Many federal trademark applications are filed on an intent-to-use basis, which means that the applicant has not yet begun to use the mark in connection with its business activities to brand, market, and sell its products. However, in order to complete the trademark registration process, it is necessary to demonstrate to the Trademark Office that the mark is being “used in commerce.” But what type of use is sufficient to demonstrate to the Trademark Office that a mark is being used in commerce?
U.S. law defines “commerce” for purposes of federal trademark requirements broadly as “all commerce which may lawfully be regulated by Congress.” Demonstrating that a mark is “used in commerce” requires that the mark be used in the ordinary course of trade and not used merely to reserve a trademark right in the mark. So, in order to meet the “use in commerce” requirement of the Trademark Office, a mark must (1) be used in connection with commerce that may be regulated by Congress, and (2) be in general use by the business.
Determining whether the use of a mark is in connection with “commerce” that is lawfully regulated by Congress requires more unpacking. Typically, commerce lawfully regulated by Congress is thought of as interstate commerce – or the marketing or sale of goods across state lines. However, it has long been recognized that the sale or advertising of a mark solely within the boundaries of single state may also constitute commerce that is regulated by Congress. This principle has been expanded upon to include several variations of “use” within a single state that may nevertheless qualify as commerce lawfully regulated by Congress. An example of the outward bounds of such intrastate use is found in the case of Christian Faith Fellowship Church. This case involved the in-state sale of two hats to out-of-state customers. The Court of Appeals for the Federal Circuit held that these sales sufficiently constituted commerce that may be regulated by Congress by reasoning that the in-state sales, when taken in the aggregate, would affect interstate commerce.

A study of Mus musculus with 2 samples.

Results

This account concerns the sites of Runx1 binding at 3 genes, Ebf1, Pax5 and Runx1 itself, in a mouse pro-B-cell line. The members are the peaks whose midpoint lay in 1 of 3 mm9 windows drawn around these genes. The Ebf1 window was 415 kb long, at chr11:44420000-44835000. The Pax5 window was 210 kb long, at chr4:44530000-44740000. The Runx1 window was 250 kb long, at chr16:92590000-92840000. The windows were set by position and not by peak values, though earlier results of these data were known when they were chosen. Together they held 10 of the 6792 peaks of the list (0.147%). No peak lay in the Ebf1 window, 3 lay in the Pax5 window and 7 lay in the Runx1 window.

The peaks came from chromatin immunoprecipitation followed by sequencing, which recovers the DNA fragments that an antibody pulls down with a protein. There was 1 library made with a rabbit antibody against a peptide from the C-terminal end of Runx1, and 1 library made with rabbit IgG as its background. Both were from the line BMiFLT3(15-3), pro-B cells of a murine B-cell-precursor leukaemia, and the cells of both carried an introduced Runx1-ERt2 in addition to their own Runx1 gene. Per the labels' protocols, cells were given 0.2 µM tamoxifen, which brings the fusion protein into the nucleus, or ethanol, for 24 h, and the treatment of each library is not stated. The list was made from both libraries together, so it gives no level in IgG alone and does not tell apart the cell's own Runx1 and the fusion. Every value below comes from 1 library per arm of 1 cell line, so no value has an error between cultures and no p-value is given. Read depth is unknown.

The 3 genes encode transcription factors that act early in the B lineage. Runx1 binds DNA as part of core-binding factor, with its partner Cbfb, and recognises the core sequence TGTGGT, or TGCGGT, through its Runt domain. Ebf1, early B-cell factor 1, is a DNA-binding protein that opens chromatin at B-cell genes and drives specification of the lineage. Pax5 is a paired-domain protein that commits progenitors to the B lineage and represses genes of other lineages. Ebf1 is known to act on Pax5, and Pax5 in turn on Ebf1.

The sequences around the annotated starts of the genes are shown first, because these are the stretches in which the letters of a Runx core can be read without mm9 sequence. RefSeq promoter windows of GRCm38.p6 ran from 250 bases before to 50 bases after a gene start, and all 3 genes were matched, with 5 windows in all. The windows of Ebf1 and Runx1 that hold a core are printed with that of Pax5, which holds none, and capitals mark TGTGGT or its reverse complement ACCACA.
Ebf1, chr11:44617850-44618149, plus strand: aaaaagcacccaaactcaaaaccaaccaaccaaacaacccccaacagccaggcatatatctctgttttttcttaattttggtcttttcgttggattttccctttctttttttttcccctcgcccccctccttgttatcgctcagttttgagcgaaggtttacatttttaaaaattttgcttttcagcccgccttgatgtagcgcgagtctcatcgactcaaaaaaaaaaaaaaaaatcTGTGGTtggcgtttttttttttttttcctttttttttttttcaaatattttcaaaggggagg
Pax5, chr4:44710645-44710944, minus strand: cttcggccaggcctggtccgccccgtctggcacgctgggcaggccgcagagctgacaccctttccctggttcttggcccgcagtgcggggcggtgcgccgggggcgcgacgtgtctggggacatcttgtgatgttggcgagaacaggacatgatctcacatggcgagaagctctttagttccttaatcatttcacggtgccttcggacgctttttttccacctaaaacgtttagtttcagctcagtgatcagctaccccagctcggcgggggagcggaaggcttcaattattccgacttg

This standard, as applied in the Christian Faith Fellowship Church case, has been adopted by the Trademark Office in its manual for examining procedures, and is directly applicable when considering whether a mark has been used in commerce. The practical implication is that demonstrating “use in commerce” may be easier may than it first appears. Businesses established and operating in a single state should thus pay particular attention to any sales or directed advertising to out-of-state consumers, as such activities may be important for establishing use of a businesses’ mark in commerce.
Next month we will examine the nature and extent of use that is required to demonstrate sufficiency of use for registration purposes.